Floating is an American pastime; in this sense, Adams’ Floaters are American landscapes. Joining the tradition of bathers and boaters as a painterly subject, Adams interjects representations that otherwise did not exist within the art historical canon. The five-year series was initiated in response to the scarcity of Black representation across the vernacular portrayal of water-centric leisure. Motivated in part by an article published in a 1967 issue of Ebony magazine on Martin Luther King Jr. vacationing with his family in Jamaica, the series was originally painted from source images of white figures, due to a lack of photographic material that pictured Black bodies in acts of relaxation. Over the years, Adams’ access to images has since grown to encompass a broad network of family and friends, whose ongoing image correspondences have added to the lexicon of models the artist pulls from. The title of the show references an eponymous artist retreat founded by Adams in his native Baltimore set to open in 2022. Yet as experiments in genre painting, which the exhibition title dually suggests, the last resort to resolving absence is
to introduce images and spaces into the world by your own hand.
Across Adams’ five-year output, the water that surrounds the figures in the Floaters illustrates almost no indication of environment beyond blueness. No distinction is made between swimming pool, lake, or sea. A levitation in atmosphere, the artist notes, “that could just as well be sky.” This placeless buoyance is further articulated by the bold and graphic assertion of the artist’s models’ physiques. Against these unadorned backdrops, Adams incorporates geometric swathes of bright pigment and patterned fabrics to render his floaters’ relaxed limbs, bathing suits, hair, and exultant gestures. In each, the caricature of the inflatable lounge device becomes an extension of the body itself.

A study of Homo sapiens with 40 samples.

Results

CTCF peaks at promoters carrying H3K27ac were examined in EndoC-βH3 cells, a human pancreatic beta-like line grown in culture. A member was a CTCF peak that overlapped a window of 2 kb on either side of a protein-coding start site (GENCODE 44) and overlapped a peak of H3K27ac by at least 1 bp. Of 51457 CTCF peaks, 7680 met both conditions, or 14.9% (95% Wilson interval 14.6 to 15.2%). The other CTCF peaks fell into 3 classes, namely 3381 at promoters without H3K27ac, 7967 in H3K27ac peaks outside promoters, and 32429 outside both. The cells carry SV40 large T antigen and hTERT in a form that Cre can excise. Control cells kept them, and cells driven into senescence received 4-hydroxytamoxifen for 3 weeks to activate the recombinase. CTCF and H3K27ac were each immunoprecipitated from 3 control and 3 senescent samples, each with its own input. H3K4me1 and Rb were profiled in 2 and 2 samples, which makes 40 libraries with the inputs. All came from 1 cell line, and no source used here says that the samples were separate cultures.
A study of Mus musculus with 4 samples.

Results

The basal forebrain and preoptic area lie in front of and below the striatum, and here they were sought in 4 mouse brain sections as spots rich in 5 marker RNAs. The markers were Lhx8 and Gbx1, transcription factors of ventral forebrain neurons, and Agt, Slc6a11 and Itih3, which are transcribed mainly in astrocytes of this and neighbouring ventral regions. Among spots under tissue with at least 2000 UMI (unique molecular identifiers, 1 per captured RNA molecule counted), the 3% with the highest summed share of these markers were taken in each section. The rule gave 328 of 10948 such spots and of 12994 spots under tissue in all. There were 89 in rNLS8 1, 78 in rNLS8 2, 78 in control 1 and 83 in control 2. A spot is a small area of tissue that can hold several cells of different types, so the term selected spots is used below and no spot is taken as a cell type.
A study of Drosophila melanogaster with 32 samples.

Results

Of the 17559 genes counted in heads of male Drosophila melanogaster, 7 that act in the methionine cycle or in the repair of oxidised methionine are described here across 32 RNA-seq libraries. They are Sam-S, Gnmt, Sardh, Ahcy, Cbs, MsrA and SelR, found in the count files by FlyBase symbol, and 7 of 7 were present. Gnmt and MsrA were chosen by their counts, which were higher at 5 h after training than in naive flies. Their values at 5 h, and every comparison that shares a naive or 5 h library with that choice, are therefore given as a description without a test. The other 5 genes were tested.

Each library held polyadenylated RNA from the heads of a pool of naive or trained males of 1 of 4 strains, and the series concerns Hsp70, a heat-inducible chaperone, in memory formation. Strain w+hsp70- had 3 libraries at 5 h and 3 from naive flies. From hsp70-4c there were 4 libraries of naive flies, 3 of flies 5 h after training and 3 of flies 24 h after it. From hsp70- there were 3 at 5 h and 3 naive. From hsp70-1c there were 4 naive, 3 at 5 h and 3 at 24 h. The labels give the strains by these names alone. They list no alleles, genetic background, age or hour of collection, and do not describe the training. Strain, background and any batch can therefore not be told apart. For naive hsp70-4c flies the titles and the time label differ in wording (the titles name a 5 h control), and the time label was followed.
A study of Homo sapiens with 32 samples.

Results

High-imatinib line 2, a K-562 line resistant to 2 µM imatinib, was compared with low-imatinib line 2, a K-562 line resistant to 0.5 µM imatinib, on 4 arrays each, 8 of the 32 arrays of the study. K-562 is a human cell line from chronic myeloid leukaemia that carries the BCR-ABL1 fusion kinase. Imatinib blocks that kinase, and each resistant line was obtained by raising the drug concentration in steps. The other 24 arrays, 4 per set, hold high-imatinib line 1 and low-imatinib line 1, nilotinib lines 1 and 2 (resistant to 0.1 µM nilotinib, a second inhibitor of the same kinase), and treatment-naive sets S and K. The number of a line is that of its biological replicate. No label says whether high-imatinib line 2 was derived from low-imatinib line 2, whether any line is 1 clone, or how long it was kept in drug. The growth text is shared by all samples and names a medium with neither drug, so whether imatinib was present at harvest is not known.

In a recent survey of the series, Buoyant, which took place at the Hudson River Museum in New York, Adams’ works were installed alongside a selection of artworks in the collection curated by the artist. Among the chosen works, which included the Ebony images of “MLK’s Tropic Interlude,” the film photograph of King bears the most striking resemblance to the approach of figuration exacted among the Floaters. The image is unlike any we have ever seen of King. Dissecting the composition, his arms outstretch along the stone edge of a swimming pool; the aquamarine water is complemented by the fiery punctuation of tropical flowers and greenery that exists beyond a fence, whose white pillars rise like columns. The simplicity of the composition, pared down to the most
essential markers of place, share in the Floaters’ desire to imbue the peacefulness in leisure through the most minimal means of description.
In Floater 93 (2020), the diptych pictures the largest gathering of swimmers—two women in brazen bikinis anchor both the left and right sides of the composition; a man’s hands reach over the divide of the work to touch each of their circular platforms; and children’s arm floats bear the pattern of blue spangled stars. Each of the bodies are connected by touch; as the viewer’s eye navigates the work, it becomes clear that no one floater is left without a bond that leads to the other. Contrastingly, in Floater 98 (2020), a sole adolescent boy occupies the center of the work, upheld by a device decoratively peppered with icons from the emojicon codex. The faces—winking, grinning, tongues stuck out—are transformed from the ‘race-less’ yellow standard into hues of tan and brown. In relation to the boy’s demure smile, it is unclear if these exaggerated expressions are mocking or sympathetic.
This underlying sentiment is further evident in Floater 99 (2020), another single figure, this time of an adult male in portrait view, who seems to be either speaking or gasping for breath. His gaze looks upward at an imposingly large inflatable smiley face that looks down upon him, an almost menacing apparition. Even in leisure, the depiction of Adams’ bodies cannot escape a harrowing threat: that the potential of harm looms even in the most relaxed and mundane of spaces.